Kenya’s recent general election was remarkably peaceful when comparing to the previous one – resulted in the death of around 1200 Kenyans. Isolated inter-communal clashes were indeed reported, but nothing comparable to 2007. In sum, this shows that consent can be achieved if social order is promoted by the political establishment, if it is fomented by the civil society and if it is willingly assimilated by the populace.
The aftermath of the 2007 elections led the International Criminal Court (ICC) to investigate the causes of the violence that occurred. According to its findings, both Uhuru Kenyatta and William Ruto – recently elected President and Deputy president, respectively – were found guilty for playing a leading role in mobilizing and inciting the youths into violence. Before, during and after the elections, the ICC has been summoning both Kenyatta and Ruto to face trial, which they have repeatedely denied. The ICC has indeed humanely realized that such crimes should not go unpunished.
However, what the ICC does not realize is that the same accused political leaders did also play a major role in guaranteeing that the situation would not unravel into 2007 levels. What the ICC does not realize is that – in its own ideal vision – in the speculative case of Kenyatta and Ruto being prosecuted and arrested, the country will certainly fall into chaos. And if that happens, the ICC will be openly destabilizing the African Continent and promoting an attractive environment for an element which is expanding across the Horn of Africa – religious militancy. This is something which does not serve the interests of sub-Saharan Africa nor the World in general.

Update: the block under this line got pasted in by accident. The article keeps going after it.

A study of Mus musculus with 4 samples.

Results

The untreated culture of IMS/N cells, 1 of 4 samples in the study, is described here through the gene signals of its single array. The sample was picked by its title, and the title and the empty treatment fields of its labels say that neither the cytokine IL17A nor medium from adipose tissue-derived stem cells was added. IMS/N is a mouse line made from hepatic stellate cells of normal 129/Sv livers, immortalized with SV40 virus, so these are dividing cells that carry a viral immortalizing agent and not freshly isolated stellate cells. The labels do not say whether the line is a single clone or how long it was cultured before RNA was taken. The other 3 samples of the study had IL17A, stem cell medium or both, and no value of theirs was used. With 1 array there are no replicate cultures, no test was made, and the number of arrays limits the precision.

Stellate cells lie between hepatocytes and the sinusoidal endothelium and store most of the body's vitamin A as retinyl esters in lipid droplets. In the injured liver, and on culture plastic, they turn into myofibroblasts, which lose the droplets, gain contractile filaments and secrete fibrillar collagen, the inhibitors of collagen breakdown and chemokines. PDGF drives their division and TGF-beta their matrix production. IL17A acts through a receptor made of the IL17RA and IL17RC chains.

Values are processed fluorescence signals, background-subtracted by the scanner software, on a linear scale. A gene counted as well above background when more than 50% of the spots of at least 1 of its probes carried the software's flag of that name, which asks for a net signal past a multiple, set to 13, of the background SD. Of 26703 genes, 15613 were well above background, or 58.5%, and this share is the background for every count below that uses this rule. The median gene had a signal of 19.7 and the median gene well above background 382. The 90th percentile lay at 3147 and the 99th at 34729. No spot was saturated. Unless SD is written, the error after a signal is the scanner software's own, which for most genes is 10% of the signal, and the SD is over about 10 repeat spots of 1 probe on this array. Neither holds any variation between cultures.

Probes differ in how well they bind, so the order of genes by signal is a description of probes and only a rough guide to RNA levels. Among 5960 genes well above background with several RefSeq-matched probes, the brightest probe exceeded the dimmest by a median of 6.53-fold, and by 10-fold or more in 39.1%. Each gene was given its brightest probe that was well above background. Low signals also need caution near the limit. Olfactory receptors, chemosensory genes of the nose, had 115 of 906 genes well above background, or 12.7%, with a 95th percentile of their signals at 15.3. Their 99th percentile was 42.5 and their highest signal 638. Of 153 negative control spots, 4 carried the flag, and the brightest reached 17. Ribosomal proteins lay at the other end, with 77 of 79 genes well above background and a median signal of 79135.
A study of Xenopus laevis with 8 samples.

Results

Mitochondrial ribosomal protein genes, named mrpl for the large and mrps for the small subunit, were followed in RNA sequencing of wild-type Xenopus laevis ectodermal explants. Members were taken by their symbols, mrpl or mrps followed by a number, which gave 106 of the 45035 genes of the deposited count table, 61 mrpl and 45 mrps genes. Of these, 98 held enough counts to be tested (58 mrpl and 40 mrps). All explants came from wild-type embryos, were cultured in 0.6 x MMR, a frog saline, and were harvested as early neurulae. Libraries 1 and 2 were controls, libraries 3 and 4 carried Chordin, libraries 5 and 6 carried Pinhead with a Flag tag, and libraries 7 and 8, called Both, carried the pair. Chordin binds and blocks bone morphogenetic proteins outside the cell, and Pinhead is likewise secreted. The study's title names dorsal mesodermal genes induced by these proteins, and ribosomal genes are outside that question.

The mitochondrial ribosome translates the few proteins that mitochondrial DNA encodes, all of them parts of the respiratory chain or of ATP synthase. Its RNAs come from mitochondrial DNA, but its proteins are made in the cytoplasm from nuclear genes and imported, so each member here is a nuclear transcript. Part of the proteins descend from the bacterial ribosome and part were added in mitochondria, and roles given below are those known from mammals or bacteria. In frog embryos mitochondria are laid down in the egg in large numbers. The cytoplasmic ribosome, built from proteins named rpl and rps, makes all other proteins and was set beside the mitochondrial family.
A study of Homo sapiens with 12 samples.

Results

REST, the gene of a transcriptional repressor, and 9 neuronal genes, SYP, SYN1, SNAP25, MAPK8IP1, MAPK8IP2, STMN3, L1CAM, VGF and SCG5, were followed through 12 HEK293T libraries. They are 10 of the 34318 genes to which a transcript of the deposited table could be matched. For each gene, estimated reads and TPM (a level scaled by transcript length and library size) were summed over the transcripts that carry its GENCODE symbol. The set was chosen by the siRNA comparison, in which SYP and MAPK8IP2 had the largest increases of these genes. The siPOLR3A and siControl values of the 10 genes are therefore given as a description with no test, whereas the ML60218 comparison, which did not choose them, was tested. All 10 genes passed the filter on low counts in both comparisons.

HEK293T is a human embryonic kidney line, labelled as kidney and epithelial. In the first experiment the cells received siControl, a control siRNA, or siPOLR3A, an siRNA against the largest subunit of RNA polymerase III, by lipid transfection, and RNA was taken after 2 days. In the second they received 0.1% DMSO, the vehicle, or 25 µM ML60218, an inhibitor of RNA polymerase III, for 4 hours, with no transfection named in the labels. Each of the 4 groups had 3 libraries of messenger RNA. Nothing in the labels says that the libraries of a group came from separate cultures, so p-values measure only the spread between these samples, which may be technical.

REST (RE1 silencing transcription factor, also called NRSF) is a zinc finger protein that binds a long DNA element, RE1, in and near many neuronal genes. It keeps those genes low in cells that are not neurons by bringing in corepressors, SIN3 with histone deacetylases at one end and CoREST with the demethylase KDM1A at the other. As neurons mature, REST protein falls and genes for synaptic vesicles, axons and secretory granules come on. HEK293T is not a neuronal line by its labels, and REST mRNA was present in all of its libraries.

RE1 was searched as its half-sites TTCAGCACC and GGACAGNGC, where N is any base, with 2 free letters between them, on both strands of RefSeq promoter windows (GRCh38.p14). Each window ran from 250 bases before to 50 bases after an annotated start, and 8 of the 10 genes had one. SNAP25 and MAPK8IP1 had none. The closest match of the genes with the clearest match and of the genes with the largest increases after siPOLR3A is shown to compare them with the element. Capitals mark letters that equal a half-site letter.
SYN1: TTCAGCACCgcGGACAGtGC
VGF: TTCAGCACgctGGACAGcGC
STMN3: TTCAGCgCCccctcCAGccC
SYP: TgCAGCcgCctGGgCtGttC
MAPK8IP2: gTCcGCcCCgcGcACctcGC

It is not only Africa and the World who can prove to be a major obstacle for the ICC. Kenyans themselves would not accept seeing their (fairly) elected leader being arrested by a foreign actor. In the same way, Kenyans themselves would not accept seeing the son of the person who is considered Kenya’s founding father being taken removed from power.
The ICC does not seem to understand the social and political dynamics that constitute the stability of one of the most developed (in both social and economic terms) countries in the African continent, and its implications for the regional geopolitics (Horn of Africa). There is a lesson which the ICC should learn, being it that sometimes one is given only two options to choose from: the bad and the even worst option. Which will one choose? Well, it is a matter of thinking wisely.